No-fair fares on this conservative merry-go-roundPolitically Aware Thursday, October 27th, 2011
Commentary: Politically Aware
Conservatives seem to understand homonyms, those pesky words that sound the same but are spelled differently. They’ve seen Rick Perry’s attempts to parry debate shots, and they’re certain Herman Cain’s 9-9-9 plan may cause some pain, but doesn’t actually involve a cane. Their mastery of homographs, words that are spelled the same, but sound differently, is less clear. In Congress, and on the presidential campaign trail, they promote policies to create jobs (‘jäbz) that are far more likely to create Jobs (‘jōbz). Given their professed religious bona fides, you might think they’d know the difference.
Job, as in “patience of,” is the Old Testament figure who “feared God and avoided evil,” and was doing pretty well for himself when Satan suggested that Job might not be so faithful without all the goodies. First went the oxen, donkeys and sheep, each struck by lightning or carried off by raiders. Soon, more of Job’s riches fell by the wayside.
Most Americans haven’t lost livestock; but many have similarly lost their livelihoods – their jobs. To get Americans working again, President Obama offered the American Jobs Act, which was judged “effective” by the chief economist at Moody’s Analytics. Instead of signing on, House Majority Leader Eric Cantor cut and pasted talking points from a decade of right-wing speeches to create an alternative plan based on relaxed regulations and tax cuts for the wealthy. But the fallacy of congressional Republicans’ claim that theirs is a jobs plan is exposed by the plan’s very title. “The House Republican Plan for America’s Job Creators.” “Job Creators” is how we now say “the rich,” using a politico-phonetic device known as spin.
In the Bible, Job’s next hit was losing his family when a wind storm knocked down his eldest son’s house. Just the kind of thing that can happen if you relax building codes to spur growth. A better analogy might be the slashed banking regulations that allowed millions of Americans to end up with underwater mortgages (add to that the subsequent decision to bail out banks, but not homeowners). Both parties were complicit in those choices, but at least President Obama is trying to ease the suffering with programs meant to help people stay in their homes, and by offering some sympathy.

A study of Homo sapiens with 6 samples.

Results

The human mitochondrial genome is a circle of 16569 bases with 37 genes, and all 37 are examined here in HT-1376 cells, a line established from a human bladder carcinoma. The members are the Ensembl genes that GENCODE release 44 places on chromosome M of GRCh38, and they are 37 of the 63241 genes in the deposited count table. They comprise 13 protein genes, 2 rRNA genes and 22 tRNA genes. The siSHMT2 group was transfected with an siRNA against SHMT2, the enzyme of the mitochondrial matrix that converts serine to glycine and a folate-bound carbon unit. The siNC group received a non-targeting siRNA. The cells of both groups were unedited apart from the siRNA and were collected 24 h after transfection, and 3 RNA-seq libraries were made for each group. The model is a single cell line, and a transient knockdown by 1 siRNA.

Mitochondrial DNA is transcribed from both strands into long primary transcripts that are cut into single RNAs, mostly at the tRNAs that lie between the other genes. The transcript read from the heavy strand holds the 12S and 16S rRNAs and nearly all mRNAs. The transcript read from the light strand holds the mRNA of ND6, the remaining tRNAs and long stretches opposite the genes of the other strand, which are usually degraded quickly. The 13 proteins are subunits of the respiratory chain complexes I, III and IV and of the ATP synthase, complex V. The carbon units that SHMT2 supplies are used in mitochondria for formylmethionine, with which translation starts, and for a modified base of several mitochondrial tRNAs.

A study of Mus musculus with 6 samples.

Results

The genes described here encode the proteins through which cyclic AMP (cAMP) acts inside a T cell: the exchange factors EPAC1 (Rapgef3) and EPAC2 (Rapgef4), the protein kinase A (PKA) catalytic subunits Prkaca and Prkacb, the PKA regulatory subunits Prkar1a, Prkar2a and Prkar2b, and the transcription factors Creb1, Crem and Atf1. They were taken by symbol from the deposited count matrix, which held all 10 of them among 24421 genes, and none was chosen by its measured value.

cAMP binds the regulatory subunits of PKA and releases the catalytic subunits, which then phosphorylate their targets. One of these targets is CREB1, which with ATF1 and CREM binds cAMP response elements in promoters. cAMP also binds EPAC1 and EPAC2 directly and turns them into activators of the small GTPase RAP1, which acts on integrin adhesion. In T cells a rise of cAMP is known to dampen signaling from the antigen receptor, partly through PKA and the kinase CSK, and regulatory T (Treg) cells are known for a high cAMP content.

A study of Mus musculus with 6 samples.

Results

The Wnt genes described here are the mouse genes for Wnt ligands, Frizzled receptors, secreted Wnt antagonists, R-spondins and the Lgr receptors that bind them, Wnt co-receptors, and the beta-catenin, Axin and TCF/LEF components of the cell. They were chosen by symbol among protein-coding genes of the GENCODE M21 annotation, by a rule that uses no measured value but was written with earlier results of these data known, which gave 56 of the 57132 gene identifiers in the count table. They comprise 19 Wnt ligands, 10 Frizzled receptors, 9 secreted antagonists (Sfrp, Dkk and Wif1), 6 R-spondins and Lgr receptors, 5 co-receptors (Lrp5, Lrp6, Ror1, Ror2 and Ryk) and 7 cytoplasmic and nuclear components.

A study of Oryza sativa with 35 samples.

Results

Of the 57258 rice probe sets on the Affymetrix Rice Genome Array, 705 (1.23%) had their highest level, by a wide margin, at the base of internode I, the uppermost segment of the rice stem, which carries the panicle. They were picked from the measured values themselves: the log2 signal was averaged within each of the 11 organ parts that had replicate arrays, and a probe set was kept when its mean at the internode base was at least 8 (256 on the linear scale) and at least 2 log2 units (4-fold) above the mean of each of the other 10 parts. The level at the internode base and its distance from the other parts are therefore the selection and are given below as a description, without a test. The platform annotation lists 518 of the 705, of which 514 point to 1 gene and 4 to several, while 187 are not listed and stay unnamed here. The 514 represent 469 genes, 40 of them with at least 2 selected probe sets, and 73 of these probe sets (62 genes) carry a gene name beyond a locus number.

The same is not so of the president’s potential Republican challenger, Herman Cain, who has pulled ahead of former Gov. Romney in some polls. If Job were around today, with no work and no riches, he would hear Cain telling him to blame himself. Sadly, the Cain pain would not end with rhetoric. Experts on both sides agree that his 9-9-9 plan (9 percent income tax, 9 percent capital gains tax, 9 percent sales tax) would increase taxes on low and middle income Americans to benefit the rich. I mean the job creators.
Job didn’t blame himself, and he retained sufficient optimism to give us the classic quip, “The Lord giveth and the Lord taketh away.” At least he had his health. Until the boils came “from the soles of his feet to the crown of his head.” Talk about kicking someone when he’s down. Who would do such a thing? Republican presidential candidates.
The Affordable Care Act will make health care easier to obtain for Americans who have lost their jobs and homes, or are stretching every dollar to stay afloat. Every Republican presidential candidate is on record calling for its repeal. House Republicans, led by Rep. Paul Ryan, would take things a step further, cutting Medicare and Medicaid benefits, saving money to cut taxes for job creators. Apparently seniors and the poor who get sick can also “blame themselves.”
To be allegorically fair, the story does end well for Job. Because of his faith, God relents. The boils go away, he has more children and the livestock come back in greater numbers. Expecting the conservative agenda to deliver the same results to struggling Americans isn’t faith – it’s folly. Faith applies to belief in something we haven’t seen, and we’ve seen this plan twice. President Bush’s tax cuts for the rich didn’t trickle down any better than President Reagan’s. Instead, the rich got richer and budget surpluses became whopping deficits. The American Jobs Act and Affordable Care Act aren’t perfect, but they make more sense than cutting taxes on the wealthy again and expecting a different result. If there are new conservative ideas, let’s hear them; but first they should tear (‘ter) up the “Plan for American Jäbz Creators” before it brings America’s Jōbz to tears (‘tirs).